North Myrtle Beach Mayor Marilyn Hatley plans to kick off her campaign for reelection on Flag Day by hosting a free ice cream social at city hall.
The four-term mayor will be handing out Original Painter’s Homemade ice cream and lemonade on June 14 beginning at 1 p.m. in the building’s atrium at 1018 2nd Avenue South.
She will be talking about her accomplishments as mayor, which include the completion of the Cherry Grove dredging projects, the Sports Complex, road works and the Main Street outfall to help prevent downtown flooding.
And she will talk about her goals, which are listed in campaign literature as keeping taxes the lowest in the state, opposing off-shore drilling and a commitment to the “proper expansion” of business and sports tourism.
Hatley calls the ice cream social her signature community event, and says she hosted her last two reelection announcements in the government building, which is permitted under state law.
“I’ve never had any problem with that, it’s a public building and we let other people use it,” Hatley said.
“Anyone who wants to use it is allowed to use it if they are running for office and hold announcements at city hall,” Hatley said.
According to state law, no candidate for office can use government equipment, materials, employees or an office building in an election campaign.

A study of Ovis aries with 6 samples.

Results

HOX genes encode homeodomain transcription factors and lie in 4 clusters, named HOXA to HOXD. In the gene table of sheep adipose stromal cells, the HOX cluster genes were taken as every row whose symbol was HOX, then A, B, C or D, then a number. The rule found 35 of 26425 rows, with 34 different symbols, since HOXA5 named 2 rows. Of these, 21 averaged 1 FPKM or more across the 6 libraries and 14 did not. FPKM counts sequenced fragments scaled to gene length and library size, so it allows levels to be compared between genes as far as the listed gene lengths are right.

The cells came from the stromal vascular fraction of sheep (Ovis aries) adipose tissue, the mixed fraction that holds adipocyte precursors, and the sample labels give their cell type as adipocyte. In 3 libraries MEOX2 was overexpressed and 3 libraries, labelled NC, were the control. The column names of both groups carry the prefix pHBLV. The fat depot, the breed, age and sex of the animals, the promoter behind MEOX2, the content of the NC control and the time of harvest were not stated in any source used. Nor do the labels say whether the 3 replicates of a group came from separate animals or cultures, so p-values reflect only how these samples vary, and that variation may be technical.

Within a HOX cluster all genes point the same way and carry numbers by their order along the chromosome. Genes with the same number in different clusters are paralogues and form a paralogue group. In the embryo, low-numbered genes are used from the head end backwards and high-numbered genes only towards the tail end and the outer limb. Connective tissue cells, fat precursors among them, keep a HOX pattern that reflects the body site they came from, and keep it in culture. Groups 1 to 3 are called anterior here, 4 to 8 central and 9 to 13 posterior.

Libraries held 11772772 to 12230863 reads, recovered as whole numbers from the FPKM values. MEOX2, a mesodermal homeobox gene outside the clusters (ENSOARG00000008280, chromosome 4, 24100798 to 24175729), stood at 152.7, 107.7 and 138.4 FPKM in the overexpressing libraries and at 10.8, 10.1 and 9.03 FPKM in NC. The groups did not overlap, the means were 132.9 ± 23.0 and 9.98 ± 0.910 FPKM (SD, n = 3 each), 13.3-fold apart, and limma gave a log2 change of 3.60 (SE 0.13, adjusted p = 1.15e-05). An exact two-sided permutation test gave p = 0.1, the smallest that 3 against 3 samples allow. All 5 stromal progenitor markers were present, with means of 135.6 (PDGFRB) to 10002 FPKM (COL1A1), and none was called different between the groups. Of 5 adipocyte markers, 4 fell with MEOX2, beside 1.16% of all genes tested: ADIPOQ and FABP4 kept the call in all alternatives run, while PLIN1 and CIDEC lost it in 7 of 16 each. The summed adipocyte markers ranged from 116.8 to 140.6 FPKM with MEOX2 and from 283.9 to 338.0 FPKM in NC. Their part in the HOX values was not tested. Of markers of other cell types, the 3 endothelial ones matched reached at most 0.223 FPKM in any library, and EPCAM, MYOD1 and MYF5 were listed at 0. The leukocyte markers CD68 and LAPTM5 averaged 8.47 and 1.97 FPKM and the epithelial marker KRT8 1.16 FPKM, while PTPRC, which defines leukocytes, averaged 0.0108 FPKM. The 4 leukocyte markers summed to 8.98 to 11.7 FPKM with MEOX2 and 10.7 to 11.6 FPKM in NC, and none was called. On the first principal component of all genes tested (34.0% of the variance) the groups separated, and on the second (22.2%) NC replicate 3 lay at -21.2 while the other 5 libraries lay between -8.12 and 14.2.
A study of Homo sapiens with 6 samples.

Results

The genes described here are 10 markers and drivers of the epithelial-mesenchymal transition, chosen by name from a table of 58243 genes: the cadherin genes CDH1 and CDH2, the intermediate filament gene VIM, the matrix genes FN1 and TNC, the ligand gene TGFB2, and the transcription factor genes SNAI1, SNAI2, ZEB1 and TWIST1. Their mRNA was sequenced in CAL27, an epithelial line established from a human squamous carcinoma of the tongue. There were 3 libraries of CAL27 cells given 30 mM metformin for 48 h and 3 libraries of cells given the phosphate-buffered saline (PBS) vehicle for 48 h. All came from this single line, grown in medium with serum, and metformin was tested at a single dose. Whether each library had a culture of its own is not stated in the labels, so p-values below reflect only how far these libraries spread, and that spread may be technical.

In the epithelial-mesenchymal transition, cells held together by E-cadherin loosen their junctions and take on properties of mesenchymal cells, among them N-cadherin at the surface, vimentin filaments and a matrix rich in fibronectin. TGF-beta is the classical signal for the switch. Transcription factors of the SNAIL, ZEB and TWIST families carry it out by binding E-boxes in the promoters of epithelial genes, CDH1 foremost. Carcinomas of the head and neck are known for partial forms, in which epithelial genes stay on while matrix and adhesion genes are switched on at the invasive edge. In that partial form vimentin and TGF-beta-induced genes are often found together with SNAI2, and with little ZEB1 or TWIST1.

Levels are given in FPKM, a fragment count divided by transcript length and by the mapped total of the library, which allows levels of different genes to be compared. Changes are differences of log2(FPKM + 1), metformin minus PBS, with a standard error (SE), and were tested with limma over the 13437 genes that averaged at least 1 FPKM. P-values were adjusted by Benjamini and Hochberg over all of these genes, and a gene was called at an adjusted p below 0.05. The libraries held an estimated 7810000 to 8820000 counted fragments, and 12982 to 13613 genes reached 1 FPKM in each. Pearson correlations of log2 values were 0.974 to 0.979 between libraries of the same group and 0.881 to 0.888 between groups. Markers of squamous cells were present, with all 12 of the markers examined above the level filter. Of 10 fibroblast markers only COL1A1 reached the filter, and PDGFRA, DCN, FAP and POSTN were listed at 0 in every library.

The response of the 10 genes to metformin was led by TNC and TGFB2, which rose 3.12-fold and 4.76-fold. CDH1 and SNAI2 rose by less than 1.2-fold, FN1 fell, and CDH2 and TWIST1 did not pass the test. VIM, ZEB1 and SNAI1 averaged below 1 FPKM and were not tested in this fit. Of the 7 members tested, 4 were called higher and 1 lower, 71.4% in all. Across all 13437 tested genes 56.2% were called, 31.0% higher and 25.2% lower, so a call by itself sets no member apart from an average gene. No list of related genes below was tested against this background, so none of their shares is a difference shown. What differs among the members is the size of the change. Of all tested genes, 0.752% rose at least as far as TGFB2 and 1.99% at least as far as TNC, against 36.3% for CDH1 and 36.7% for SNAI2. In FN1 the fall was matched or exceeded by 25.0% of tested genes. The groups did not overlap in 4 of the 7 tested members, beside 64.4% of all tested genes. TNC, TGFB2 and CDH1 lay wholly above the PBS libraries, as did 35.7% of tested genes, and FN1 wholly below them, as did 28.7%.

However, an elected official may use public facilities for campaign purposes if the buildings are available on similar terms to all candidates, the law states.
John Crangle, an ethics watchdog and public relations director for the S.C. Progressive Network, said most politicians will rent a hotel reception room to announce election or reelection bids.
However, he concurred that it’s permissible for incumbent candidates to use the government building in which they work for certain campaign activities.
“It was designed to stop candidates from running campaigns out of their office, which they used to do in the old days before ethics reform was passed,” Crangle said.
“There is an exception that does allow use of public facilities, if it’s available to other candidates on an equal basis,” Crangle said.
Pat Dowling, spokesman for North Myrtle Beach, said they do not permit commercial events in the atrium, but they do host charity events, art shows and political announcements.
“We’re pretty aware there is a fine line between an incumbent having an advantage over a challenger,” Dowling said. “As far as staff participating in setup or writing speeches for candidates, we don’t do that.”
Past challengers have made announcements outside of the building. If they had asked, Dowling says, staff would have scheduled time for them to use the atrium as well, and are prepared to do so during this campaign cycle.